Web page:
Among its critics, an impression seems to have formed that the Catholic Church has been exceptional among the institutions examined in regard to child sexual abuse and that it is, in fact, rotten to its core and in desperate need of root and branch reform.
Given the commission concludes its hearings on Catholic organisations this week, it is timely to consider whether what has been learned over the past 3½ years supports or challenges this impression.
Of the 5866 survivors who have testified before the commission in private sessions to date, 40 per cent have told of abuse in Catholic institutions.
This compares with 8 per cent who have reported abuse in Anglican institutions and 4 per cent in those run by the Salvation Army.
On the face of it, these figures seem to rest the case.
But the Catholic Church has more than 5 million nominal adherents in Australia; the Salvation Army numbers a little over 60,000. Catholic schools educate almost seven times the number of students in Australia as Anglican schools.
Yes, there are far more stories of abuse involving Catholic institutions but there are far more Catholic institutions dealing with many more people than any other non-government organisation in the country.
But what has emerged from the commission is that celibacy is clearly no necessary condition for offending. Just ask the victim of a swimming coach or dance instructor.
Child abuse is the personal transgression of individuals with a pathological condition: it is not, in the main, created by the policies of institutions to which perpetrators belong or which they use to abuse children. Yet offenders are overwhelmingly male and the occurrence of abuse in a masculine culture must raise questions about that culture.
One effect of celibacy is seen in the way bishops and priests have treated clerical perpetrators. Celibacy creates a bond among the ordained, which has made them reluctant to notify police about suspected perpetrators and complicit in transferring them from parish to parish. This is an effect of a celibate culture that must be addressed on a rational rather than an emotional basis.
Tinkering with canon law, however, is probably little more than a distraction. Some critics of canon law place it in opposition to civil law and claim priests are bound to obey the former over and above the latter. Others point to canon law having the effect of blunting civil law.
In both cases, canon law is seen as strengthening secrecy and ensuring that matters concerning the church are dealt with by the church and no one else.
What has emerged from the commission, however, is an appalling indifference to or lack of knowledge of canon law (which defines child abuse as a serious crime) among senior members of the church.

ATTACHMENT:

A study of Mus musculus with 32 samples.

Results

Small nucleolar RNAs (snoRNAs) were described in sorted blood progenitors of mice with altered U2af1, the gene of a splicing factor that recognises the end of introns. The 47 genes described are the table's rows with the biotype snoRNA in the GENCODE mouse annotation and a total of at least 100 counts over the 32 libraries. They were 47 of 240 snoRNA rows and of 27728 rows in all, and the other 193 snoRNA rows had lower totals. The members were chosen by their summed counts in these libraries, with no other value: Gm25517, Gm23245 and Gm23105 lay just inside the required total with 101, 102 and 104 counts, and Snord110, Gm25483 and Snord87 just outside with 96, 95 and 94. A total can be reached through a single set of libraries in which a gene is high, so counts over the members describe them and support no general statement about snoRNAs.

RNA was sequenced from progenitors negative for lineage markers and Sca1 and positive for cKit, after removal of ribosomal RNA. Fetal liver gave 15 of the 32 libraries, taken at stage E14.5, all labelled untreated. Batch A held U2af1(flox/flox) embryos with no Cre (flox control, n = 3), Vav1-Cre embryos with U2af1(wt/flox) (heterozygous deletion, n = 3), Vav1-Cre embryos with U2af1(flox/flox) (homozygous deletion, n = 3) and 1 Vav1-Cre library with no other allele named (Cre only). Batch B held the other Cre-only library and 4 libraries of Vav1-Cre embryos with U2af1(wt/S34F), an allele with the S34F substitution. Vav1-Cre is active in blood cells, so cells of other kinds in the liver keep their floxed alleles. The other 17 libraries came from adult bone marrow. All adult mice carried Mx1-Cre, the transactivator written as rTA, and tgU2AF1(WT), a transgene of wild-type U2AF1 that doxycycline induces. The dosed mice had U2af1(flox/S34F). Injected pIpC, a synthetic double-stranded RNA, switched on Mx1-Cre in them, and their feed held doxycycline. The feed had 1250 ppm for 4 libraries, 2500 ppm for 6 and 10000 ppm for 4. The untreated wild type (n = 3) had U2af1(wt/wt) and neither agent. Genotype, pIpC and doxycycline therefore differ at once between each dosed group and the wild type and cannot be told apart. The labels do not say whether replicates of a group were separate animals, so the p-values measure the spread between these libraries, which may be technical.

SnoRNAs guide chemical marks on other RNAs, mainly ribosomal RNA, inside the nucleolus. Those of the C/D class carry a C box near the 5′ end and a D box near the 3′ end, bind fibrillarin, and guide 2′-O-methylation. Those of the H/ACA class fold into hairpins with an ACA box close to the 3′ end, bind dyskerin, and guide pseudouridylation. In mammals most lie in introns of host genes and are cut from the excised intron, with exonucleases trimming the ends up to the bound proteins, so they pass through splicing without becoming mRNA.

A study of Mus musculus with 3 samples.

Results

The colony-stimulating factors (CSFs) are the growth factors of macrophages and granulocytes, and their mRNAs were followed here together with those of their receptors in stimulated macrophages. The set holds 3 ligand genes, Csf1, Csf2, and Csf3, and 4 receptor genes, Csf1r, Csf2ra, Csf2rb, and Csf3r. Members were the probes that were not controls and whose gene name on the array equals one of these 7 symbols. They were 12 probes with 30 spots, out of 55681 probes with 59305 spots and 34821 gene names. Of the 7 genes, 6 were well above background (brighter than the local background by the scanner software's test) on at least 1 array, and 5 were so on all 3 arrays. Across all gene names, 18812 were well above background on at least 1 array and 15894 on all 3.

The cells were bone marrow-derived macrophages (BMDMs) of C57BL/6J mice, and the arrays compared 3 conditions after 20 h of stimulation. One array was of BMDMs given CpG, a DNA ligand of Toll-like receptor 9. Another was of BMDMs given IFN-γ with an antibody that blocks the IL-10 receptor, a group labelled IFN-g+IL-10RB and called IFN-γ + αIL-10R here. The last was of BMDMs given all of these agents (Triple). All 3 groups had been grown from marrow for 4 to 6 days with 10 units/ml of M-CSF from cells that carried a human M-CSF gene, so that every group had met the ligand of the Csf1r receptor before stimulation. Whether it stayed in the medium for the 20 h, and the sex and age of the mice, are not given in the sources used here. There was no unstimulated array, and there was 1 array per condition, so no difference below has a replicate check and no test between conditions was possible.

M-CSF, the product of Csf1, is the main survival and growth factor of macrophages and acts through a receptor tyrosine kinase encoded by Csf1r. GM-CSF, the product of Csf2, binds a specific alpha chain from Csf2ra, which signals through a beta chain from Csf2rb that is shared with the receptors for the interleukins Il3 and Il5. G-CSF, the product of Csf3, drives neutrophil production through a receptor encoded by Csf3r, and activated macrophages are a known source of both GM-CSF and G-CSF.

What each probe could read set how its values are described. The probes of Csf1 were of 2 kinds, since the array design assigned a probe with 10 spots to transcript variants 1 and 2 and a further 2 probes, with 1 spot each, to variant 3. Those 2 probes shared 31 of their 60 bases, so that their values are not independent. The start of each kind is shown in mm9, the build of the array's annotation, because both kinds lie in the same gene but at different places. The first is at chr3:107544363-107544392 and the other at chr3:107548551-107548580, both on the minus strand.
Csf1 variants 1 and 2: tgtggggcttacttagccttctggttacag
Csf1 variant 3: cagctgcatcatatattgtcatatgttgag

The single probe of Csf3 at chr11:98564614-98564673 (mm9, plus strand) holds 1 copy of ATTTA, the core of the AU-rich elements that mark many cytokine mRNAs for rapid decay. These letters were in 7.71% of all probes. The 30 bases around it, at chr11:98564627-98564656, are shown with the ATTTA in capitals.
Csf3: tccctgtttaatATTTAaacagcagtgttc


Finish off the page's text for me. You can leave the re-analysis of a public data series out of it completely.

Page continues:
Neglect of canon law, in other words, has often been the problem.
This speaks to the unwieldy nature of the church from an administrative perspective. Many people see a pope running the church like a chief executive.
But there are not many days in the life of ordinary Catholics – or even bishops and priests – when a pronouncement from the Vatican has any impact.
Locally, the commission has heard of poor communication between bishops and priests, lax record keeping, and general administrative environments of surprising incompetence.
Rather than being highly structured and administratively disciplined, the Church emerges as the opposite.
What the past 3½ years have established is the similarity among organisations in which child abuse has occurred.
Organisations that don't have canon law, are not celibate and don't have confessionals, have still dealt with abusers in a similar way to the Catholic Church.
It is precisely because some environments have high levels of trust that predators seek them out. Those few priests who are paedophiles seem attracted to the Church because of its ethos of pastoral care, trust, and, yes, forgiveness.
Even so, to make a case that unique aspects of the Catholic Church explain the abuse scandal it would have to be shown that the behaviour of Catholic clerical abusers was different to other abusers.
But the opposite is the case: the conduct of some priests and too many bishops has shown that the Catholic Church is as fallible as other social institutions, and just as capable of betraying the trust reposed in it.
Restoring that trust, more than any other issue that has been raised, is the major challenge for the Catholic Church if it is to have a future beyond the commission.